Early History of Cottonwood Falls
by William G. Cutler (1883)
The first settlement in the area of Cottonwood Falls was in 1854, when an Indian trader named Seth Hayes founded a cattle ranch on the Cottonwood River close to the mouth of Diamond Spring Creek. The area around the town was organized as Chase County in 1859. In 1873 the city's French Renaissance style city hall was built; at roughly the same time, the Atchison, Topeka and Santa Fe Railway reached Cottonwood Falls. Through the late 19th and early 20th centuries the area around the city was mainly divided into farms and cattle ranches.
In 1931, Transcontinental & Western Air Flight 599 crashed near Cottonwood Falls, killing all eight on board, including Notre Dame University football coach Knute Rockne. A monument to the crash is located on private property ten miles south of the town.
Early History of Cottonwood Falls
Cottonwood Falls, at the organization of Chase County, was made the temporary county seat. At the general election held November, 1862, North Cottonwood Falls received 74 votes; Poland, 26; Bazaar, 21; Cottonwood Valley, one vote. North Cottonwood Falls was located on the northeast quarter of Section 29, Township 19, Range 8. Its plat was filed for record January 29, 1861; its proprietors were S. D. Hinkley, J. M. Pherson and J. B. Smith. Its public square, which is in the site of its new, beautiful and spacious school building, contains nearly five acres, and its valuable and attractive court house, stands on the west half of block 28 and on the east half of 29.
The business of the city is done in what is technically North Cottonwood Falls. In reaching this place by rail travelers stop at Strong City, where there is a conveyance in readiness to take them to the Union House, at the Falls, which is located but a little distance from the Cottonwood, on the west side of Broadway, the main street. This street runs directly south to its termination at the court house ground. At the right of the bridge, on the south side of the Cottonwood River, is an excellent watermill, and the music of the falling waters as they flow over the dam, added to the romantic appearance of the country and the attractions created by art, make the scene at once joyous, impressive and suggestive. D. C. Webb, the merchant prince of Strong City, has his business elaborately lettered by an advertisement on the roof of the mill.
The bridge is of the King pattern, 150 feet in length, and either way from the river margin, is heavily timbered, and the rich bottom lands contiguous thereto are quite expansive. Cottonwood Falls has two hotels, two bakeries, two billiard rooms, two confectioneries, tow meat markets, two livery stables, two coal yards, two blacksmiths shops, two millinery establishments, two furniture houses, two music and sewing machine stores, two hardware stores, two drug stores, two newspapers, the Leader, Republican; the Courant, Democrat; one lumber yard, one brick yard, one feed store, one barber shop, one shoe shop, one paint shop, one harness shop, one carpenter shop, and seven general stores.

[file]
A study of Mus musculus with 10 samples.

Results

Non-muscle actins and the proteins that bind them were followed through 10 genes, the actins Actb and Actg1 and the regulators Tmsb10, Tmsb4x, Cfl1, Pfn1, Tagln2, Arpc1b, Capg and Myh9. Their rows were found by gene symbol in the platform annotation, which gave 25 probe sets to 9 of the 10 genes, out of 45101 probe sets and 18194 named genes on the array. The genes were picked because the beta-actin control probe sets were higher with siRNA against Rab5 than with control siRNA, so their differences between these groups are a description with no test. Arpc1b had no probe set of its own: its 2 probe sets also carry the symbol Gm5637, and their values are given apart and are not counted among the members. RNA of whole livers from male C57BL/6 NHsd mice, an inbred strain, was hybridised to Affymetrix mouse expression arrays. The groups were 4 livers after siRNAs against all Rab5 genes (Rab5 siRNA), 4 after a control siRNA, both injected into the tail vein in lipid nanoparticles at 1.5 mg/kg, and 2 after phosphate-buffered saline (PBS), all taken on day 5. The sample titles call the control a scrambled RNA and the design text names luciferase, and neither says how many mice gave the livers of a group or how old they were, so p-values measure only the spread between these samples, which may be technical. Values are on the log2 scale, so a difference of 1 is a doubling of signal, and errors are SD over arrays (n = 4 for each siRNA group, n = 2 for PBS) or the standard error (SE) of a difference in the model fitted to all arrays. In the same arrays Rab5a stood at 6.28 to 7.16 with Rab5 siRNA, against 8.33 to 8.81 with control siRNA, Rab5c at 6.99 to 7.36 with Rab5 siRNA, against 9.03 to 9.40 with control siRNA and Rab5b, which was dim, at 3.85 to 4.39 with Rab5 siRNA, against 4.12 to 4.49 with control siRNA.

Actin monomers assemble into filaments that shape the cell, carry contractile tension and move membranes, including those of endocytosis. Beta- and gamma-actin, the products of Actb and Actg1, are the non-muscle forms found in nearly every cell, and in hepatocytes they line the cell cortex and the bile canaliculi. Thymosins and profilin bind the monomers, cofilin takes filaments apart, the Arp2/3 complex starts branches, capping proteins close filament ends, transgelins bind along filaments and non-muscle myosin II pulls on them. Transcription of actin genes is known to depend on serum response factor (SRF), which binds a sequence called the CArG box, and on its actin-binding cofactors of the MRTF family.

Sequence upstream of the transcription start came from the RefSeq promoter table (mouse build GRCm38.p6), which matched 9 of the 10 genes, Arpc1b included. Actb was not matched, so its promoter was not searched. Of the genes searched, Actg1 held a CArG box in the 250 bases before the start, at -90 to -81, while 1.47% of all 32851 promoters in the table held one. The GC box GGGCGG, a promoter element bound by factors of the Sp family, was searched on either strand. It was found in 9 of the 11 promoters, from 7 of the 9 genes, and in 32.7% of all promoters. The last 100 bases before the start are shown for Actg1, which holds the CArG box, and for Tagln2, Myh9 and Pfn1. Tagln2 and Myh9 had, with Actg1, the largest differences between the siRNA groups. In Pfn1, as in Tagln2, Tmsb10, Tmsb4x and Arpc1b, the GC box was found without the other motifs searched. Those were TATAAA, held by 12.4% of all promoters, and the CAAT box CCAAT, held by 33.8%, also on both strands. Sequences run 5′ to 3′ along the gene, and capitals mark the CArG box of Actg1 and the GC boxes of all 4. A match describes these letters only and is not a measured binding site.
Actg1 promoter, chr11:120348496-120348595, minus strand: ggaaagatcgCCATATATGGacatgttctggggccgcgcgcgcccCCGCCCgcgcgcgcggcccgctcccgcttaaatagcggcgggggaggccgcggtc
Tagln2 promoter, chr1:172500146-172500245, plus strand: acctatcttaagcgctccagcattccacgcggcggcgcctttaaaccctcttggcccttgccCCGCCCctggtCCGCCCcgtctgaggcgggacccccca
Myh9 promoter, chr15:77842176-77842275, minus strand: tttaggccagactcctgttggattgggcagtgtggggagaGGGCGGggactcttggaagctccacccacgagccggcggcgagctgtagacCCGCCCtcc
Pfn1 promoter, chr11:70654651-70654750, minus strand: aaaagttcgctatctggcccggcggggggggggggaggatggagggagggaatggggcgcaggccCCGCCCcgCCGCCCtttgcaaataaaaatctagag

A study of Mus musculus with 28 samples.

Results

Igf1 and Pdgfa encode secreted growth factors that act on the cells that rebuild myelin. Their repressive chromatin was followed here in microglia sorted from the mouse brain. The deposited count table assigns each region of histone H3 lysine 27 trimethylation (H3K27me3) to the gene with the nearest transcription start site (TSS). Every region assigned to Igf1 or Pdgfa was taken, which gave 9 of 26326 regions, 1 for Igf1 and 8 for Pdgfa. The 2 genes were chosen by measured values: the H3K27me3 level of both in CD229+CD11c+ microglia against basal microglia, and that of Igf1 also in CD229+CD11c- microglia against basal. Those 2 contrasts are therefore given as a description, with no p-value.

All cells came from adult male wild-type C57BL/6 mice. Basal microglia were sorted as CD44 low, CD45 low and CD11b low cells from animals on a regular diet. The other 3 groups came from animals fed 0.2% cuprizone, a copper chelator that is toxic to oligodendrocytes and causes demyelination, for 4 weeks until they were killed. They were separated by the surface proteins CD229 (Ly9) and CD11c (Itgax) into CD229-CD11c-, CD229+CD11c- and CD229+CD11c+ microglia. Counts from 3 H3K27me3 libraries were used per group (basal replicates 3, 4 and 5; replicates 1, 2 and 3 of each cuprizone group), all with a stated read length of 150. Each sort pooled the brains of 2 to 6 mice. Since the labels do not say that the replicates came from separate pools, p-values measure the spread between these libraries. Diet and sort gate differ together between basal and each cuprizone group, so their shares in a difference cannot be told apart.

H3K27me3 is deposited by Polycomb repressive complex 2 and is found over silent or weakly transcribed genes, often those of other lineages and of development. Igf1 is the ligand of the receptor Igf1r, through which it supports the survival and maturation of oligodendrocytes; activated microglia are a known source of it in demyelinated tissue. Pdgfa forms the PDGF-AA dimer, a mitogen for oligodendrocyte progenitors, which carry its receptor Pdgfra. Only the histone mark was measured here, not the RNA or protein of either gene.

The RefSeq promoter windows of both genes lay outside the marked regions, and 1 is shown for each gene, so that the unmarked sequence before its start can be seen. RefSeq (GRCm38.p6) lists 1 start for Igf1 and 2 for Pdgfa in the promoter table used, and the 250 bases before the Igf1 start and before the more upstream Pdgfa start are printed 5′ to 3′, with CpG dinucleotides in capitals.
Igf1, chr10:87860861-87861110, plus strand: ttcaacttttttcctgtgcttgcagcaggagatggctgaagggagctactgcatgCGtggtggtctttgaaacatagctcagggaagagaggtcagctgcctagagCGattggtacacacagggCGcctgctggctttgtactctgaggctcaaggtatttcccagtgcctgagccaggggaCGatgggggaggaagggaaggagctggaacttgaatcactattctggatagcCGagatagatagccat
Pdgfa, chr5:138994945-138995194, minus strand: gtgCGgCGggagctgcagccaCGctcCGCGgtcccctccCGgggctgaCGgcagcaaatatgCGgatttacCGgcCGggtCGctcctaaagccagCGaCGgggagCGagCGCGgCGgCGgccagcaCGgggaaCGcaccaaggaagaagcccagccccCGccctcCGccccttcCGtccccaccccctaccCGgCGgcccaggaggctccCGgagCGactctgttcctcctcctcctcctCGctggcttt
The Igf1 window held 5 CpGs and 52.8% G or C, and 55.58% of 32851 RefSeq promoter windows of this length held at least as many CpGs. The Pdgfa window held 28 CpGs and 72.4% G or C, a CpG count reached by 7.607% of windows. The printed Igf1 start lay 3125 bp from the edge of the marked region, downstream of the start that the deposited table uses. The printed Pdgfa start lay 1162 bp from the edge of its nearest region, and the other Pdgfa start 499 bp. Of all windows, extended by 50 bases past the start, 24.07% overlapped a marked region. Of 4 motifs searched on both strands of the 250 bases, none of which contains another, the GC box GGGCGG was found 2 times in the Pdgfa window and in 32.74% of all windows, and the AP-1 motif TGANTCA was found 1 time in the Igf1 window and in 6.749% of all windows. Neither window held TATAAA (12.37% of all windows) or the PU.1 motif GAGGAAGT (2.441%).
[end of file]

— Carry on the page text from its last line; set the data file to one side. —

The physicians are W. P. Pugh, J. W. Stone, and W. H. Castler, who is also a dealer in thoroughbred shorthorns and Berkshire hogs. The attorneys are F. P. Cochran, T. H. Grisham, S. P. Young, Thomas O. Kelley, C. H. Carswell, the Madden Brothers. C. C. Whitson is an insurance agent, W. H. Hosinger is a real estate and loan agent. J. W. McWilliams established the Chase County Land Agency in 1869, and he has the special agency for the sale of the Atchison, Topeka & Santa Fe Railroad lands, of which there are nearly 100,000 acres in the county remaining unsold. A. S. Perrigo is the postmaster.
The Chase County National Bank was organized June, 1882, and began business August 28, 1882. Its capital is $50,000. The officers are President, A. S. Howard; Vice-President, J. D. Minick; Cashier, W. W. Sanders. Directors, Arch. Miller, C. W. Rogler, William Jeffrey, J. D. Minick, F. Bernard, Samuel Baker, J. R. Blackshire, A. J. Crocker, A. S. Howard. A new stone bank building was completed during 1882, at a cost of $9,000, and occupied by the bank January 1, 1883.
As of the census of 2000, there were 966 people, 375 households, and 227 families residing in the city. The population density was 643.1/km² (1,674.9/mi²). There were 427 housing units at an average density of 284.3/km² (740.3/mi²). The racial makeup of the city was 94.93% White, 2.38% African American, 1.14% Native American, 0.21% Asian, 0.83% from other races, and 0.52% from two or more races. Hispanic or Latino of any race were 2.38% of the population.
There were 375 households out of which 28.3% had children under the age of 18 living with them, 47.2% were married couples living together, 11.7% had a female householder with no husband present, and 39.2% were non-families. 34.4% of all households were made up of individuals and 20.5% had someone living alone who was 65 years of age or older. The average household size was 2.27 and the average family size was 2.93.
In the city the population was spread out with 23.2% under the age of 18, 6.1% from 18 to 24, 29.6% from 25 to 44, 18.1% from 45 to 64, and 23.0% who were 65 years of age or older. The median age was 39 years. For every 100 females there were 91.7 males. For every 100 females age 18 and over, there were 90.7 males.
The median income for a household in the city was $28,947, and the median income for a family was $37,986. Males had a median income of $27,639 versus $19,167 for females. The per capita income for the city was $15,166. About 8.8% of families and 11.6% of the population were below the poverty line, including 15.0% of those under age 18 and 8.6% of those age 65 or over.